The Trump administration has taken a hands-off approach to commenting on major retirement plan issues being challenged in courts, a sharp contrast to the approach taken by the Obama administration.
During the nearly two years of the Trump administration, the Department of Labor has filed no amicus briefs in court contests over broad plan management, product choices, fees and other defined contribution practices, according to the DOL's website. Spokesman Mike Trupo said the department declined to comment.
The Obama DOL filed dozens of friend-of-the court briefs in these ERISA cases, including some signature U.S. Supreme Court rulings governing the role of plan fiduciaries.
"It makes me sad that they are not moving forward from a consumer point of view," said Phyllis Borzi, who served as assistant secretary of labor for the Employee Benefits Security Administration from July 2009 to January 2017. "I thought the process would continue."
Ms. Borzi said her office used amicus briefs to outline the department's thinking about issues that were broader than the facts of specific cases being decided by federal appeals courts and the Supreme Court. Filing amicus briefs served to "clarify the ambiguities in the statute and move statutory interpretation forward," she added.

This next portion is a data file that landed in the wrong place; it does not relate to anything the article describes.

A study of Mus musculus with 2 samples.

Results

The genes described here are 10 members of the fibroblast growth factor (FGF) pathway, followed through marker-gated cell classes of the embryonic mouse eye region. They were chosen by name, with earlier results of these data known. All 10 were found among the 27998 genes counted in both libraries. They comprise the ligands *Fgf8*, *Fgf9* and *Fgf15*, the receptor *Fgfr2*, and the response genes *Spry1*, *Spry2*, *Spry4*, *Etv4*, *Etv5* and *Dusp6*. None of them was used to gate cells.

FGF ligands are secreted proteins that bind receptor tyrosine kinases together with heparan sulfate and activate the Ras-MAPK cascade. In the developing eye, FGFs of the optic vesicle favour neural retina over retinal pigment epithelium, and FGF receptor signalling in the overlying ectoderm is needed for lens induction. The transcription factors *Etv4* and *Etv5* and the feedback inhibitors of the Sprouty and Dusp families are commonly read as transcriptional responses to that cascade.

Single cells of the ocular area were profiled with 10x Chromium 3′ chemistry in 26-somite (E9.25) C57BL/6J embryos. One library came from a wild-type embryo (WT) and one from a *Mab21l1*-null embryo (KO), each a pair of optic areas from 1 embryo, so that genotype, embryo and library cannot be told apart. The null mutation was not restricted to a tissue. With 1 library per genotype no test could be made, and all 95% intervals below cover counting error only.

Among the most prominent ERISA cases during the Obama era were Tibble et al. vs. Edison International et al. and Fifth Third Bancorp et al. vs. Dudenhoeffer et al. In both instances, the Supreme Court requested the DOL's opinion, and in both cases, the DOL supported claims by plan participants.
The Supreme Court ruled unanimously for the participants in both cases. In Tibble, the court said sponsors have a "continuing duty to monitor trust investments and remove imprudent ones." In the Fifth Third Bancorp case, the court threw out the "presumption of prudence" defense that many sponsors had used successfully to defeat stock-drop challenges.
"Regardless of the administration, amicus briefs are a way to explain their viewpoint," said David Levine, partner in the Groom Law Group, Washington, referring to the DOL. "Different administrations take different approaches."
Amicus briefs "are helpful to the market," added Andrew Oringer, a New York-based partner at Dechert LLP and co-chairman of its ERISA and executive compensation group. "They set forth analyses and have the effect of staking out what the DOL was thinking without going the regulatory route."